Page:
Charity umbrella bodies have criticised William Shawcross, the outgoing chair of the Charity Commission, after he accused them of acting like trade unions and launching "absurd and counter-productive" attacks on the regulator.
In an interview with The Sunday Times newspaper yesterday, Shawcross said charities had used "expensive lawyers to thwart us carrying out our statutory duties".
Referencing the recent safeguarding issues affecting the sector, he said: "I am disappointed also that some of the charities’ umbrella bodies see themselves as trades unions for their members, rather than encouraging their members to see that their conduct may sometimes be imperfect."
He added: "Some attacks on the commission from leaders of charities and umbrella groups are absurd and counter-productive."
Shawcross told the newspaper that some larger charities were very well-funded and "don’t hesitate... using expensive law firms to try to counter and stop the commission, I would say, doing its job properly".
Karl Wilding, policy director at the National Council for Voluntary Organisations, said Shawcross made a few useful points about charities.
"What a shame that at the same time he undermines the regulator he has led by accusing charities of not wanting to change, or of not working with the regulator he chaired," said Wilding.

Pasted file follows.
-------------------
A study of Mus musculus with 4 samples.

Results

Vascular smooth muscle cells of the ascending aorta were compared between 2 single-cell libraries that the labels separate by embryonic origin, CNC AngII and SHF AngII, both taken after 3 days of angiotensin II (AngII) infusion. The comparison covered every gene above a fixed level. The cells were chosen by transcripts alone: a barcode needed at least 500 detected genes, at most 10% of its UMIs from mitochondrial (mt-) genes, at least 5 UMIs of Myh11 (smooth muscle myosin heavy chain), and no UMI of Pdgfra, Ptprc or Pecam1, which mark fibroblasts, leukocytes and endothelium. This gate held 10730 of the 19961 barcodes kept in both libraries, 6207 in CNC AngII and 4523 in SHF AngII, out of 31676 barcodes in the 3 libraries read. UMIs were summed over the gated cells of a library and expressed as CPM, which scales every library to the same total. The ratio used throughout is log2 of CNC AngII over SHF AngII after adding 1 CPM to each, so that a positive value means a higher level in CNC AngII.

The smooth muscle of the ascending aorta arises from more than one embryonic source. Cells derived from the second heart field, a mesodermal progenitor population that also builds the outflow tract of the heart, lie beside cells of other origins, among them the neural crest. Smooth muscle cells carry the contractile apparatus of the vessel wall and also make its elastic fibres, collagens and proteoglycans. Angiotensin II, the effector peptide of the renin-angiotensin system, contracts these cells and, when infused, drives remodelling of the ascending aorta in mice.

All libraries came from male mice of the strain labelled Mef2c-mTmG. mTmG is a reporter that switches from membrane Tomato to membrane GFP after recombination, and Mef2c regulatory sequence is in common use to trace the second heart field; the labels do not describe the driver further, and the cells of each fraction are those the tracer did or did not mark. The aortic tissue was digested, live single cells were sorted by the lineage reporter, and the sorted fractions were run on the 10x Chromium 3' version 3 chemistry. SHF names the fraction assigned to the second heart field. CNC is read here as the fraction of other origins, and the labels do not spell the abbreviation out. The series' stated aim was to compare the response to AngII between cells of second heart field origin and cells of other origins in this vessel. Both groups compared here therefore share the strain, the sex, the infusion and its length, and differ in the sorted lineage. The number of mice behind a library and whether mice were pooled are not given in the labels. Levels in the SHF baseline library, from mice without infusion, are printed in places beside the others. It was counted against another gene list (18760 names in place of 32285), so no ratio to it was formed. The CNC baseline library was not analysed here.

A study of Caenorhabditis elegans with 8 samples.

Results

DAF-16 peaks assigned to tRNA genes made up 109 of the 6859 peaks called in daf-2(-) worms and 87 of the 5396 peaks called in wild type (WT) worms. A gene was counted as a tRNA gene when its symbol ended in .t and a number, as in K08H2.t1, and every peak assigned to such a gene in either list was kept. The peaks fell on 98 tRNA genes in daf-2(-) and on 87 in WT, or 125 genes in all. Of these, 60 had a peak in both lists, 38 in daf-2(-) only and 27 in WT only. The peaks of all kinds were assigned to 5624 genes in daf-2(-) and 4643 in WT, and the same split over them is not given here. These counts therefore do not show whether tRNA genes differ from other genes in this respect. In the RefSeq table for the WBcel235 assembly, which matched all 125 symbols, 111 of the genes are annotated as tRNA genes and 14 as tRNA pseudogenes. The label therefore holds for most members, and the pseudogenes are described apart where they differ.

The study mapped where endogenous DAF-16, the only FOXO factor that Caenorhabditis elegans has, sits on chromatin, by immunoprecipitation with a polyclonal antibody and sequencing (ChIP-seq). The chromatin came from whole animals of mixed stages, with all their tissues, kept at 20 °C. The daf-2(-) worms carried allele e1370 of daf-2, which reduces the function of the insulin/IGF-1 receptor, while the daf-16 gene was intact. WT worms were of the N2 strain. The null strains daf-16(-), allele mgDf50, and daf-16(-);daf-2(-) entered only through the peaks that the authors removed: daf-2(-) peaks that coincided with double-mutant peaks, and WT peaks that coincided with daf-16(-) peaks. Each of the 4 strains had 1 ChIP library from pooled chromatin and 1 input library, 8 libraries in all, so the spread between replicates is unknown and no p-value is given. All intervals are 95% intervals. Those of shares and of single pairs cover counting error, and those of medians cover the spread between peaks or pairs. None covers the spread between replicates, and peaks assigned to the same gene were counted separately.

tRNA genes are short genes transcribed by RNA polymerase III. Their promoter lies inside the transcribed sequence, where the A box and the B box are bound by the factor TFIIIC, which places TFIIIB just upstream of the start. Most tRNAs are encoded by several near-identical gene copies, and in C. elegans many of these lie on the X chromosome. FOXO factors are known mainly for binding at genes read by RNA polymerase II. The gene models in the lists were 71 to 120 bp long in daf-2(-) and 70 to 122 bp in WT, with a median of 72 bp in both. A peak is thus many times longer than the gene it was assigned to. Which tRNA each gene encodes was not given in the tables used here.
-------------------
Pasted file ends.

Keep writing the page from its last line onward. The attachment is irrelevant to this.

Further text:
"As over so much of his tenure, he's been guided more by saying something tough to the press than actually working constructively.
Wilding said the NCVO’s credibility was "built on our willingness to do what’s right, not what’s easy".
He said: "Far from a defensive approach, whether it’s on fundraising, pay transparency or governance, we have been at the forefront of challenging the status quo and raising standards. If Mr Shawcross hasn’t noticed this, he hasn’t been paying attention."
Vicky Browning, head of the charity chief executives body Acevo, said she was disappointed that Shawcross had chosen to describe the actions of umbrella bodies as "absurd and counter-productive".
She said: "We believe that good regulation is transparent, fair and enabling, and any interventions that we have with the commission are aimed at achieving these goals."
Shawcross, chair of the regulator for the past five years, is due to be replaced by the Conservative peer Tina Stowell, who will appear for a pre-appointment hearing before MPs on the Department for Digital, Culture, Media and Sport committee tomorrow.
Shawcross said in the interview that, although charities were a "vital part of British life and we should all cherish them, that does not mean charities should be self-regarding and feel they are subject to lesser standards of behaviour than other organisations".
He said: "They cannot have a morally superior attitude because they are charities."